By R. J. Sullivan
“Tommy?” Fingers dug into Tommy’s shoulder, rousing him from deep sleep. Oh, Jessica. Now I remember. Strange to wake up next to his girlfriend. Even more strange to awaken in a room of near-total darkness. He reached down and pressed against the coarse cold of concrete as he drew up into a sitting position. Jessica’s voice, full of panic, reached his. “There’s someone in here. She looks like an angel.”
“You’re dreaming. How can there be? You locked us in here hours ago.”
“Don’t be mean, Tommy.” He wanted to go on, He wanted to be mean. He bit back snide remarks that tried to push out of his lips. As he recalled what had happened, the anger at their stupidity stung all over again, no less shocking or painful than the first time.
“Lock the door, Tommy,” she had said. “Lock the door? It’s an abandoned building, sweetheart. No one’s supposed to be here. Who’s going to walk in?” He’d pressed his hand on the side of her pale, smooth face. At that time, he could still see her, drink in the sight of her delicate beauty that still melted his heart like butter. Tears welled up in her eyes, and she bit her lower lip with her intensity. Her eyes promised an incredible night he’d never forget, but only if he complied with her wishes.
“I’ll relax more, Tommy,” she begged. “It will make it better.”
How could he say no? He walked across the hard floor of the abandoned mausoleum, his footsteps echoing in the open chamber, and slammed the outer door shut. The bolt, though rusted, slid easily into the cement slot. When we’re finished, it will unlock easily enough.
Only later, he found out it wouldn’t unlock easily enough. It wouldn’t unlock at all, as if the latch had turned to stone and merged with the outer frame during their minutes of copulation. Then he discovered that several inches of concrete can thoroughly block any sort of cell phone signal.
But that was hours ago, before exhaustion forced his eyes closed, and even the thought of what might happen once their parents realized they were gone could no longer keep him awake.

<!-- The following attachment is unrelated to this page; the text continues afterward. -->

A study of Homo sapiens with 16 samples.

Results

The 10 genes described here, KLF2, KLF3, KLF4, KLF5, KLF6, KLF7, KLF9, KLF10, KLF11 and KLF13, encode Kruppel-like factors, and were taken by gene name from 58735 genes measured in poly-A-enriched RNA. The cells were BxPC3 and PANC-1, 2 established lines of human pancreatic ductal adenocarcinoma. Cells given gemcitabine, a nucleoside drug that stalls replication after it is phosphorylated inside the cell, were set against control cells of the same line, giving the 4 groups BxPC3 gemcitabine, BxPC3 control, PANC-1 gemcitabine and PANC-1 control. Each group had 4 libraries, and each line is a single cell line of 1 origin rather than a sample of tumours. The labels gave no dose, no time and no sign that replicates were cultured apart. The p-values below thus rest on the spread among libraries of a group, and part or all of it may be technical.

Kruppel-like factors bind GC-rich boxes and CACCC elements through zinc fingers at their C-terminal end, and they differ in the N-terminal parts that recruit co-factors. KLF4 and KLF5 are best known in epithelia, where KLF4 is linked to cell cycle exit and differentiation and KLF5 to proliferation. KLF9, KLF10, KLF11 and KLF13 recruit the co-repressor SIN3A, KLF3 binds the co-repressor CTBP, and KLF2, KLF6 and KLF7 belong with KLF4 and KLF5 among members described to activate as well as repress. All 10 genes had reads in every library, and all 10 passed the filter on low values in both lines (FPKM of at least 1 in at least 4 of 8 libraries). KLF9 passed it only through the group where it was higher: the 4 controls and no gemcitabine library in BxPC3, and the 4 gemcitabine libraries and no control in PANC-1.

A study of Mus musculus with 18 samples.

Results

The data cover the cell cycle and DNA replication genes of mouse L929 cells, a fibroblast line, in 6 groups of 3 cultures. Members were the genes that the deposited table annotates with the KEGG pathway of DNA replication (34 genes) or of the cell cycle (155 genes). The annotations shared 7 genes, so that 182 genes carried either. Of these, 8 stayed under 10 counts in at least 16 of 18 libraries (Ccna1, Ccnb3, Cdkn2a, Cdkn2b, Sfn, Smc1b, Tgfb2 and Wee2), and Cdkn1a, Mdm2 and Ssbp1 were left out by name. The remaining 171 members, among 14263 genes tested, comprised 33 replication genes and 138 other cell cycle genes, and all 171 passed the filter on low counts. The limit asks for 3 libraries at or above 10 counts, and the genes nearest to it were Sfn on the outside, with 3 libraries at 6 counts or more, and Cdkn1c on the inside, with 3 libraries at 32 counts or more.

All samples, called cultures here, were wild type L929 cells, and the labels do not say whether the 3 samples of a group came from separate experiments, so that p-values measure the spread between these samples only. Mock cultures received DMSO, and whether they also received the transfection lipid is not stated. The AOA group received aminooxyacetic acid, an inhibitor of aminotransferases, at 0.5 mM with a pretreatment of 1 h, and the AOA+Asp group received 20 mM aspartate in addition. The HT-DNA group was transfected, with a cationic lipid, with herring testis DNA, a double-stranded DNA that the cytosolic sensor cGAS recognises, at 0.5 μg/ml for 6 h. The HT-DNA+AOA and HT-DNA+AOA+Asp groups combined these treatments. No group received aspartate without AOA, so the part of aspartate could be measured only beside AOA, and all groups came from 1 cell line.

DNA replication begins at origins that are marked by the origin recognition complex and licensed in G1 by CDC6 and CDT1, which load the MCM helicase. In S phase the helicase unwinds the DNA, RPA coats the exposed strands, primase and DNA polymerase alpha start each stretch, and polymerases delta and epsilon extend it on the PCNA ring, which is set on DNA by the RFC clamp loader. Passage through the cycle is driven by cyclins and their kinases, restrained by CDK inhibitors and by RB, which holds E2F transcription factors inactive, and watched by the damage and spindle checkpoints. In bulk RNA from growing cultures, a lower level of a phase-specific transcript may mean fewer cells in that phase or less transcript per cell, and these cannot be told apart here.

Now he looked over and….indeed, he could barely make out the silhouette of another presence in the room.
Was there really an angel standing over there? The skeptical side of him screamed, “No, of course not.” Sure, at one time this could be considered hallowed ground, but we’re not supposed to be here. If Mom and Dad ever find out you’d snuck out of the house to meet Jessica in an abandoned chapel on the grounds of an ancient graveyard, they’d more likely raise something from hell than conjure anything angelic to guide you home.
But there she stood, by the door, and even in the near-total darkness, she radiated an inner light that brought the beautiful, somber features of her face into sharp focus. She turned, took in the two of them, and shook her head.
Befuddled, Tommy could only stare as she reached out a hand toward the door. The air split with the discordant grinding of rusted metal, twisting and giving way, and the door slid open on its own
The breeze of frosty night air chilled Tommy’s body.
The apparition’s eyes met his. Did he imagine a twinkle of amusement? As they stood before her in their disheveled clothes, she wagged an index finger at them. “If you head straight home now, it’s not too late. Go now, and do better.” With that, she vanished.
Copyright 2011 R.J. Sullivan. If you repost, please credit and link to: http://rjsullivanfiction.com/ Thanks.
I don’t remember reading flash fiction before. This is great. I love it.
I’ll leave you with a little tease. Make sure you make next month’s meeting on Oct. 8th. The writing prompt will be a picture and it will knock your eyes out.